Formula 1 News
Sebastian Vettel finally ticked off two previously elusive career boxes on Sunday with a measured victory in the German Grand Prix at the Nurburgring. Although only a shadow of its older and more illustrious namesake, the circuit delivered a thrilling weekend of motor racing as the reigning World Champion strove to win his home race in his sixth attempt.
Qualifying saw Mercedes’ Lewis Hamilton plant his Silver Arrow on pole position at the team’s home race, narrowly ahead of Vettel and his Red Bull teammate Mark Webber. Nico Rosberg was left down in 11th after a mistake from his team in the second qualifying session meant he sat in the garage as others improved their times, knocking the German out of contention for the top positions.
Race day dawned sunny and warm, reigniting concern over whether tire manufacturer Pirelli’s rubber would last the distance as it failed to do the previous week in Silverstone. Off the line, Hamilton was swamped by Vettel and Webber and the duo quickly set about racing away at the front of the pack. When Ferrari’s Felipe Massa lost his gears and spun off the track at turn one, it was only the first in a series of events that had a significant impact on the race.
Jules Bianchi was climbing up the hill toward the final chicane when his Marussia car exploded in a sheet of flame and smoke, and the Frenchman hurriedly evacuated his cockpit as the onboard fire extinguishers smothered the flames. Unfortunately, he neglected to engage his parking brake and the stricken car rolled back across the circuit, narrowly avoiding the still-racing competitors.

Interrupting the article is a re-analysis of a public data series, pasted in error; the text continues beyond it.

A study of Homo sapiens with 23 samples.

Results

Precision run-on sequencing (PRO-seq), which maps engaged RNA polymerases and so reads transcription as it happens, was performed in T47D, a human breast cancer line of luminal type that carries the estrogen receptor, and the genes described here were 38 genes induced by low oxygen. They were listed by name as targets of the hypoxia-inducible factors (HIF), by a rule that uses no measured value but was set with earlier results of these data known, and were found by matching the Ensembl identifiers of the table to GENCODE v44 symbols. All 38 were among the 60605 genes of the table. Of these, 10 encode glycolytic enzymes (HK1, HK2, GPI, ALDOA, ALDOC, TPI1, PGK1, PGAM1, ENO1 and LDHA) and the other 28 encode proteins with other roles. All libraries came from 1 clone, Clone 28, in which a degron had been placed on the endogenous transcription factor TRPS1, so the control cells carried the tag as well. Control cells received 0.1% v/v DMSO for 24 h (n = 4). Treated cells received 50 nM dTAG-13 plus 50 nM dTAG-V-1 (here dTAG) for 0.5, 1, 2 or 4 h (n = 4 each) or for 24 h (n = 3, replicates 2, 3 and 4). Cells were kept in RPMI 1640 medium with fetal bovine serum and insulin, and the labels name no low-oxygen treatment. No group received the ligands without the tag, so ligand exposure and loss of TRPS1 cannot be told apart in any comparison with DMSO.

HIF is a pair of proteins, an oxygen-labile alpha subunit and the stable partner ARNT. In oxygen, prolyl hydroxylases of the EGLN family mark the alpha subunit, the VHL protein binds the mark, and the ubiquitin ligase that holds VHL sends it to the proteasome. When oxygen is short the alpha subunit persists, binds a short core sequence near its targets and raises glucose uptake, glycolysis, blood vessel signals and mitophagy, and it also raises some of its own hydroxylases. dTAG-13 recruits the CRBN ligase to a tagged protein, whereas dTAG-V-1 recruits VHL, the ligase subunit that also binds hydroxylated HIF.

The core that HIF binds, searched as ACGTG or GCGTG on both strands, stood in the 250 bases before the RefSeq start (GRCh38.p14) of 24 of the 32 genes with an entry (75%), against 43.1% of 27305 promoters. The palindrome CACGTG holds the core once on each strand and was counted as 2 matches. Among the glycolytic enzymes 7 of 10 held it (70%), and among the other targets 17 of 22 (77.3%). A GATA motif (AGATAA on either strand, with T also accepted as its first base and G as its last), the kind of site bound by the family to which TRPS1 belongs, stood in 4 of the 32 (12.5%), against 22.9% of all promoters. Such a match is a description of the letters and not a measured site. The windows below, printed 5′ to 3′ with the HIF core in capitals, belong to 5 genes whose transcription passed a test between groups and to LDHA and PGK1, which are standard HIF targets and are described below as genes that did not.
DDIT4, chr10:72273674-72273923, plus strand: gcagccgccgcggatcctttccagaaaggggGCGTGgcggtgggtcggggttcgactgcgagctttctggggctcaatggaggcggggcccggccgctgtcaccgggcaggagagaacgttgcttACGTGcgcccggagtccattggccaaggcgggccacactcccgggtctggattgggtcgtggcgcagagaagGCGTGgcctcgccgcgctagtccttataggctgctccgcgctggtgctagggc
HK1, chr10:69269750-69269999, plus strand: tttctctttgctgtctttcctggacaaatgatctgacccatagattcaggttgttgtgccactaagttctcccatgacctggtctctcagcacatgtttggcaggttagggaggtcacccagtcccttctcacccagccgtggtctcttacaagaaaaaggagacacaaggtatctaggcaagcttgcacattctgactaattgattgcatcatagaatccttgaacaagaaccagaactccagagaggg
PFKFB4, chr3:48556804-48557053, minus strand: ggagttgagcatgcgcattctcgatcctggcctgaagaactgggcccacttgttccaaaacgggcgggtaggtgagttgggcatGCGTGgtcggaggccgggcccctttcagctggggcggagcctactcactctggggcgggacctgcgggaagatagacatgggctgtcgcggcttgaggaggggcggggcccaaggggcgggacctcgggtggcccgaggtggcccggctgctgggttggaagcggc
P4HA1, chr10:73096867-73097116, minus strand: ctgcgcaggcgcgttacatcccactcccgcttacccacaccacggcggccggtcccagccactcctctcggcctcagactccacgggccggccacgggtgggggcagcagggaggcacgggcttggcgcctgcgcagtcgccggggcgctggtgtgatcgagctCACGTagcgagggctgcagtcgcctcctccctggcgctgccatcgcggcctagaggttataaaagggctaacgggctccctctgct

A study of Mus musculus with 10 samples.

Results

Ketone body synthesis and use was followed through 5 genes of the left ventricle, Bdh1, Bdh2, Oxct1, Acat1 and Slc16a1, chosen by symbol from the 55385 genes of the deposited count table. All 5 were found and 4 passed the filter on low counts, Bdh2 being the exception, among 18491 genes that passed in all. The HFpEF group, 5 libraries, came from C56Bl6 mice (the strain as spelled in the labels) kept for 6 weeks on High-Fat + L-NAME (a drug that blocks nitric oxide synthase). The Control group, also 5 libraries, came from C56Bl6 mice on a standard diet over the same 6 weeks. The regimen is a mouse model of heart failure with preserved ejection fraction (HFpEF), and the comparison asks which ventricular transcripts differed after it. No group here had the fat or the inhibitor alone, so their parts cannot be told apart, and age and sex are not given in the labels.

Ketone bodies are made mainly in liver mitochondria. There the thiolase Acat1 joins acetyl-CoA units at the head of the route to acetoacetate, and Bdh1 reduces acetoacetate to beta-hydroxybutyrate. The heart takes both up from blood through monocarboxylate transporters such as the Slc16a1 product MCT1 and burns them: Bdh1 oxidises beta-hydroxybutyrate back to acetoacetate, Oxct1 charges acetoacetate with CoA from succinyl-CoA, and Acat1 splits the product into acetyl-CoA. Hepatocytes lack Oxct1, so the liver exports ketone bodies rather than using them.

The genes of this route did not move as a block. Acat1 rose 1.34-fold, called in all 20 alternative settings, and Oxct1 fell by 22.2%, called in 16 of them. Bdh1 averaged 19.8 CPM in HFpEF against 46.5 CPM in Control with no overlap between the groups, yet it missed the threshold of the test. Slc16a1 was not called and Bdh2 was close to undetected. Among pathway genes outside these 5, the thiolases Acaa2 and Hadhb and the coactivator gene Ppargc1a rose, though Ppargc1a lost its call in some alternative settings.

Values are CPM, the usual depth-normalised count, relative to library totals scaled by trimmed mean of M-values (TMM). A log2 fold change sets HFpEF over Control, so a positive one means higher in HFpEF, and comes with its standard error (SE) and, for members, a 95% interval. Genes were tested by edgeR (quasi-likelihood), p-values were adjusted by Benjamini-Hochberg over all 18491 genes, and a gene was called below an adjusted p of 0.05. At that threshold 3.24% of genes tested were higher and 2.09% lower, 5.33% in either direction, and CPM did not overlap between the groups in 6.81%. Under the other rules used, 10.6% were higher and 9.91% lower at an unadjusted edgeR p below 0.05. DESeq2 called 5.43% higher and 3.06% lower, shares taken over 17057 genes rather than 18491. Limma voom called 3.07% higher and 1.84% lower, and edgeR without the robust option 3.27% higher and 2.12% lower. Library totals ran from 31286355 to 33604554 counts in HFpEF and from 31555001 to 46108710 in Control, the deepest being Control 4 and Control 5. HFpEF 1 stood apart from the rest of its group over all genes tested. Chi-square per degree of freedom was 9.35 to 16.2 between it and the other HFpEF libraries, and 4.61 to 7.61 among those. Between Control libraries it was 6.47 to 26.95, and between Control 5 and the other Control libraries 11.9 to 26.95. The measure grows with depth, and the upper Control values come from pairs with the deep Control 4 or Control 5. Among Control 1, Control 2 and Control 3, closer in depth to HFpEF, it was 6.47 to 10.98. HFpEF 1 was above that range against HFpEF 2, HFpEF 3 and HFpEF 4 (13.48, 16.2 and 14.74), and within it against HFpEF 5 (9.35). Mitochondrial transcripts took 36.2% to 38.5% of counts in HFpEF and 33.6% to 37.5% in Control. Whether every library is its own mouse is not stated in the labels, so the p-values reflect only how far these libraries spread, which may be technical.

This was enough to cause a safety car period, which saw the leading frontrunners pit. Mark Webber endured a nightmare pit stop when his RB9 was sent on its way with a loose right rear wheel, and the errant Pirelli scattered pit crews and journalists alike before it slammed into FOM cameraman Paul Allen. Allen was rushed to hospital, but escaped with only a broken shoulder and cracked ribs.
When racing resumed, the battle was on between Vettel and the advancing Lotus of French driver Romain Grosjean, whose teammate Kimi Raikkonen was also pulling himself into contention. Grosjean threw everything he had at reducing the gap between himself and the leading German, but eventually ran out of steam and Raikkonen swept into the lead as Vettel and Grosjean pitted for their final set of fresh tires.
It seemed the Finn, nicknamed "The Iceman" by his fans, was trying to make it to the end of the Grand Prix on his current set of Pirellis but the rapidly decaying rubber eventually forced him in with a handful of laps to go. He made rapid progress on his new, soft compound tires and soon caught Grosjean, the Frenchman not fighting too hard as Lotus bargained on Raikkonen having enough reserves left for a last-ditch attack on Vettel. Despite his own rubber beginning to fall away, Vettel repelled the Finn and crossed the line in triumphant style to claim his 30th career victory — his first on home soil.
Fernando Alonso persevered to take fourth for Ferrari, with pole man Lewis Hamilton claiming fifth for Mercedes. Jenson Button scored McLaren’s best result since Monaco with sixth place, ahead of the recovering Webber, Sergio Perez, Nico Rosberg and Sauber’s Nico Hulkenberg.
"I’m happy the race wasn’t two or three laps longer, as Kimi [Raikkonen] was a bit quicker towards the end. I’m very happy that it worked out and it’s very special. The team worked really hard to give me the chance to win this weekend and we got it," Vettel said.
"You don’t really think about where you are while you are racing, you can’t allow your mind to drift, but when the flag came out and the race was over I really let myself enjoy the parade lap and saw a lot of people in the grandstands cheering and waving flags. These pictures will remain in my head for a long, long time."